July 20, 2010
Last week instead of working from the comfort of home I brought my laptop to the health department while I waited for a good friend to get tested. It really isn’t the most fun place to be sitting for over two hours; no good reading material, painfully awkward and ancient public service announcements on loop, and ridiculously uncomfortable seats. The experience was fairly uneventful until the drive home, when my friend recounted what happened with the outtake nurse.
For those of you who are unfamiliar, the outtake nurse basically reviews your file, lets you know what the next step is, and sends you on your way. This wasn’t exactly what happened with Anna (name changed to protect the lectured). After curtly being called into her office, the nurse looked through Anna’s file and said “Wow, that’s a lot of sexual activity. What do you think of that?” Despite being caught off guard by that judgmental comment, Anna answered “Yes that is why I’m here. And I’m no longer going to have unprotected sex.” The nurse further laid on her moral judgment when she countered “That helps, but it’s not just about protection. It’s about number of partners and choosing them wisely.” This went on a bit longer, and the last thing that she asked that pisses me off is whether or not Anna plans to stay with any of her recent partners.
Now that the painful narrative of events is done, I will explain why this is so incredibly wrong in a broader context.
First of all, everyone should get tested. Are you sexually active? Get tested. If you have different partners and are using protection, get tested every 6 months; condoms don’t protect everything. Are you in a monogamous relationship? Get tested every year; you can never be too careful. Aside from that, viruses like HPV and HIV can be dormant in your system for months to years before manifesting symptoms or showing up on tests so it is important to be up to date on your tests.
It takes a lot of bravery to get tested. It requires complete honesty and disclosure about your sexual history. Every conquest must be accounted for. You need to be honest about whether or not protection was used, and they also usually ask if any of these encounters took place while under the influence of drugs or alcohol. These might be details you don’t feel comfortable discussing with your close friends, let alone an intimidating nurse in a lab coat. I know many people who have had a lot of partners, with or without protection, and have never been tested. This is insane! For many STDs, a lot of symptoms don’t show up for a long time, meaning you could infect other people without even knowing it. Not only does this show a lot of irresponsibility and carelessness, but blatant disrespect for yourself and the people you’re physically intimate with. So despite the scariness of getting tested, it is absolutely necessary that it gets done!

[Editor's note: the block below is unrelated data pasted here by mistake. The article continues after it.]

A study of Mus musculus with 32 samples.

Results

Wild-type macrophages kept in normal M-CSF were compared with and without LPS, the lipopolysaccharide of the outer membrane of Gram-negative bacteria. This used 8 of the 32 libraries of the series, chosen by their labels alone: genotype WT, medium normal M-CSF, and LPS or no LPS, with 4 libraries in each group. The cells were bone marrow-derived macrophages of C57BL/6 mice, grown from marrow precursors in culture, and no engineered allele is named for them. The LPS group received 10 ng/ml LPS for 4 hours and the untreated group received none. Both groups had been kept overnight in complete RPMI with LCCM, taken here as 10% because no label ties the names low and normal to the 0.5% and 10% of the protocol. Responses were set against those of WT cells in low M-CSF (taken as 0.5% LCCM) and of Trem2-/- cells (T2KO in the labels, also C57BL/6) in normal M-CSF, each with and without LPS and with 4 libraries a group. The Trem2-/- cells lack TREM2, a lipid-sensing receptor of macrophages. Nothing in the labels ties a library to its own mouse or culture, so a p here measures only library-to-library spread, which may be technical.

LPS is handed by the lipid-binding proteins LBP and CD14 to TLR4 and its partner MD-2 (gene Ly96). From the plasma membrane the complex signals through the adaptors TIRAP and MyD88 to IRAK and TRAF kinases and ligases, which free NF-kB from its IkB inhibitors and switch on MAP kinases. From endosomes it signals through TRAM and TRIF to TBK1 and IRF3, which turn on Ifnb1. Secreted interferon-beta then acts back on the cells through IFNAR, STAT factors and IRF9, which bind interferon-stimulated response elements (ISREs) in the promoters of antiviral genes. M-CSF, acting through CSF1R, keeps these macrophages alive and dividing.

Which brings me to my next point; Negative Nurse Nancy is doing a huge disservice to people by shaming them when they are taking a good, proactive step in protecting themselves and others. Moreover, when a person goes to the health department to get tested, they are not also going for a moral lecture and counseling about their sexual activity.
Sexuality is a very big personal decision. Some people’s partners are few and far between – they need to have a very close, intimate connection with someone before having sex. Some people enjoy having multiple partners and don’t need to be in a relationship. As long as people are using protection, it is their prerogative to do whatever the hell they want.
Now, I am not incredibly upset at the nurse for shaming my friend, as she is a very confident, self assured woman. Some close-minded, sanctimonious nurse isn’t going to scare her away from continuing to get tested or make her feel bad about her sexual activity. I’m concerned for the people who reluctantly get tested, have more sexual partners than my friend (she really had a negligible amount), who will be shamed away from getting tested or will lie about their amount of partners and whether or not they used protection. This doesn’t help anybody.
The moral of the story: Get tested regularly. And if you experience anything like Anna did, ask to speak with someone in charge at the clinic to let them know what happened; I can assure you their behavior is not allowed. What else could you do? If you feel comfortable, tell the person in question you don’t appreciate they way they are acting and it isn’t their place to give you a moral lecture. You could write a letter to the paper, write a blog! Anything to bring attention to the situation is good. Lastly, encourage your friends to get tested. Engage in open discussions with your partners/significant others about protection – even go get tested together! A big part of removing the scariness and stigma of going to the clinic to get tested is being frank and honest about sex. Seriously, if you are mature enough to be having sex you should be mature enough to be responsible about it.